Three and a half years ago, in September 2013, the city of Hamburg had the honor to be visited by Ok-Seon Lee, one of the survivors of the „comfort women-system“. In her speech at the University of Hamburg, Ok-Seon Lee (at the time 86 years old) emphasized how important it is to speak about the fate of the women and girls who were drafted for military sexual slavery by Japan. „Most Japanese don’t understand that Japan committed a crime,“ she told the audience composed largely of students. „They have to learn that it is necessary to sincerely confront their wartime past.“

Ok-Seon Lee was drafted in 1942, when she was 15 years old. Here you can listen to her in a BBC-interview.

„I was running an errand for my parents,“ Ok-Seon Lee recalls, „when two Japanese men in uniform grabbed my arm and dragged me away. That’s how I became enslaved.“ She was deported to a „comfort station“ in northeast China, and raped by the Japanese occupation soldiers every day for three years, until the end of World War II.

We didn’t even know the war had ended. The owner of the brothel ran away. I was inside with seven girls, and we were starving,” she remembers. „A soldier came in and told us to run. The whole city was burning.“ Like many Korean women, Lee did not return home. Injured, ashamed and without money or hope to return and be reunited with their families, they had to make a living in China. In the year 2000, Lee finally returned to South Korea, where she now lives in the House of Sharing, a residence for survivors that also houses a museum.

Ok-Seon Lee’s story is not unusual. Japan had taken control of Korea in 1910, and with the expansion of military ambitions in 1937, Japanese officers wanted to provide their soldiers with „sexual outlets“ on a massive scale, offering them sexual access to women as compensation for lengthening terms of service under deteriorating conditions and harsh discipline. The Japanese army thus drafted ten thousands of underage girls from the Japanese colony Korea by force and deceit, and brought them into occupied territories and warzones.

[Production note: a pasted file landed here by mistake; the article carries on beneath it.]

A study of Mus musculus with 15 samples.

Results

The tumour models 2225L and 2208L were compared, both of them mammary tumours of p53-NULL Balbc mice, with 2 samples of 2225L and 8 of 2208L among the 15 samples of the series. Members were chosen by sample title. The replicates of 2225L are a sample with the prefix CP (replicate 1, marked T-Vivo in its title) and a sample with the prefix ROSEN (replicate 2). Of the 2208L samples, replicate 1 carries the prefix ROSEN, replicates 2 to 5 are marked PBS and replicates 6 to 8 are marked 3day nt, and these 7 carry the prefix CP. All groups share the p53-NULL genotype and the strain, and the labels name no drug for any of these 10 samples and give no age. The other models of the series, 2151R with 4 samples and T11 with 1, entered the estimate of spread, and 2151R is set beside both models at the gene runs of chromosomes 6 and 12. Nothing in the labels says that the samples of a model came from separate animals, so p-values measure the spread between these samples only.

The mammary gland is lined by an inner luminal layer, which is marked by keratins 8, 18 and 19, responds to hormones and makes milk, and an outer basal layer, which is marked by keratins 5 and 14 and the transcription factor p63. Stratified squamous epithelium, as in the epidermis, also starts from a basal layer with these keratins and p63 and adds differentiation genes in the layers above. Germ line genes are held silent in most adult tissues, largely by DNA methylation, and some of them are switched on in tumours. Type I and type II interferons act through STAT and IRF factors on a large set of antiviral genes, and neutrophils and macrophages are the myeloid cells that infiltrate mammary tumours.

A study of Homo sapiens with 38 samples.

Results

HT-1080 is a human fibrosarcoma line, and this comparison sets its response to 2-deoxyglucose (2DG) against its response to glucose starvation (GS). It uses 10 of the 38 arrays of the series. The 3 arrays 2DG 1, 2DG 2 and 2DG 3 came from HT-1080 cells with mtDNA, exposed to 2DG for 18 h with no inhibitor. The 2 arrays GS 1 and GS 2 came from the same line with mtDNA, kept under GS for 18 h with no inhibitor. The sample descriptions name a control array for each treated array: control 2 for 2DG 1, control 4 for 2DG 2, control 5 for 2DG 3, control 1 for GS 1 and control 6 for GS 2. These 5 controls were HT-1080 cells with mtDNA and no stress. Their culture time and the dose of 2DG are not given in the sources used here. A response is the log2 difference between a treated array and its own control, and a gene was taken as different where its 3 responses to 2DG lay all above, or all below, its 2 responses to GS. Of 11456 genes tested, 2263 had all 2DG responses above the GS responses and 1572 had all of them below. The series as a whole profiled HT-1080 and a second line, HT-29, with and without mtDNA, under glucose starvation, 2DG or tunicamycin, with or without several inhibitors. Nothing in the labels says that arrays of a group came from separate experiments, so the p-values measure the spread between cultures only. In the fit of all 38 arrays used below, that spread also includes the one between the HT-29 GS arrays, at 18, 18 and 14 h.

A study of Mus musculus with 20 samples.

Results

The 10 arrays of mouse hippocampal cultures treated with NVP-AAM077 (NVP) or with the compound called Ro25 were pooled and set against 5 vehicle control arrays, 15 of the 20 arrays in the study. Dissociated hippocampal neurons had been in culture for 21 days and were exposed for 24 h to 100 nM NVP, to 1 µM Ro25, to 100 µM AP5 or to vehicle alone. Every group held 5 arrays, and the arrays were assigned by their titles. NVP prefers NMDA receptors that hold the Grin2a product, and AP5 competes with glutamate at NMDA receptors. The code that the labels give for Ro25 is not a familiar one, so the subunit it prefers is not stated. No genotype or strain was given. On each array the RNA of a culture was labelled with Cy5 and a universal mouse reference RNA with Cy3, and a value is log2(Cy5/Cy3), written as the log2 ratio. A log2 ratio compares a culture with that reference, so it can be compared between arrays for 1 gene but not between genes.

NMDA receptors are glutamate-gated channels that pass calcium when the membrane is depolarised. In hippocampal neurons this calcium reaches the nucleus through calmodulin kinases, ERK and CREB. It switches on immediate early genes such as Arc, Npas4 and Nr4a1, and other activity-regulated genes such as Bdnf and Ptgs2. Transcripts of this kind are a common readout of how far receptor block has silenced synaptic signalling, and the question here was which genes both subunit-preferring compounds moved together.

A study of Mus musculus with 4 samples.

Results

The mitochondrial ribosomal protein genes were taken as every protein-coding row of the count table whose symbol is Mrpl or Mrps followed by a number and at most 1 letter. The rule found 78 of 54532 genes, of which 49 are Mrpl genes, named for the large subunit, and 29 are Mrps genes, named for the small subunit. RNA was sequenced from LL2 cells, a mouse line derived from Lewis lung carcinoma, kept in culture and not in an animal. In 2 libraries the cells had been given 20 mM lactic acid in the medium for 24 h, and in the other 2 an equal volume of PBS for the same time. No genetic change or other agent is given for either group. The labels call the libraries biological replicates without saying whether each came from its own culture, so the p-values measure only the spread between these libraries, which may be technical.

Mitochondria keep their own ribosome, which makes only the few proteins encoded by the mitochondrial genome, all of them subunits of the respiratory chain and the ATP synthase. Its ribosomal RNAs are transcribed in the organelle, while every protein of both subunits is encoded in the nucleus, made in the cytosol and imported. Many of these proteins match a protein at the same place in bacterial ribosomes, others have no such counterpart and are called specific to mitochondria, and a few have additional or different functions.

In addition, Japanese military men and their civilian collaborators sexually enslaved women and girls from Taiwan, China, the Philippines, Burma, Thailand, Vietnam, Malaysia, Indonesia (then the Dutch East Indies), the Netherlands, East Timor, Australia, and Japan. Today, many of their stories are documented in the Women’s Active Museum on War and Peace.

The majority of the victims were explicitly picked as underage girls, because the Japanese army expected them to be infected with sexually transmitted diseases at far lower rates than older women. Other victims, however, were older, often taken-away from places where they worked to support themselves and their families and neighbors.

The girls and women were outright kidnapped or deceived because they were poor and threatened due to the conditions and rationalities of colonialism, war, occupation, and patriarchy. Many were simply at the wrong place at the wrong time, raped on the spot and then taken to a „comfort station“.

When we look at the girl statue in front of the Fernsehturm (Hamburg’s old TV tower) today, we have to remember, that the little girl in the traditional Korean dress represents the fate of many girls and women, from various cultural and religious backgrounds.

That so many of the survivors had the courage to speak out and to fight for their dignity and their rights is a precious gift – a gift which they present to all of us.

Now it is our call what we make of it.

Dear reader, we invite you to join us again tomorrow to learn more about Japan’s denial of responsibility for the military sexual enslavement women and girls during World War II, and in particular about Prime Minister Shinzo Abe’s role.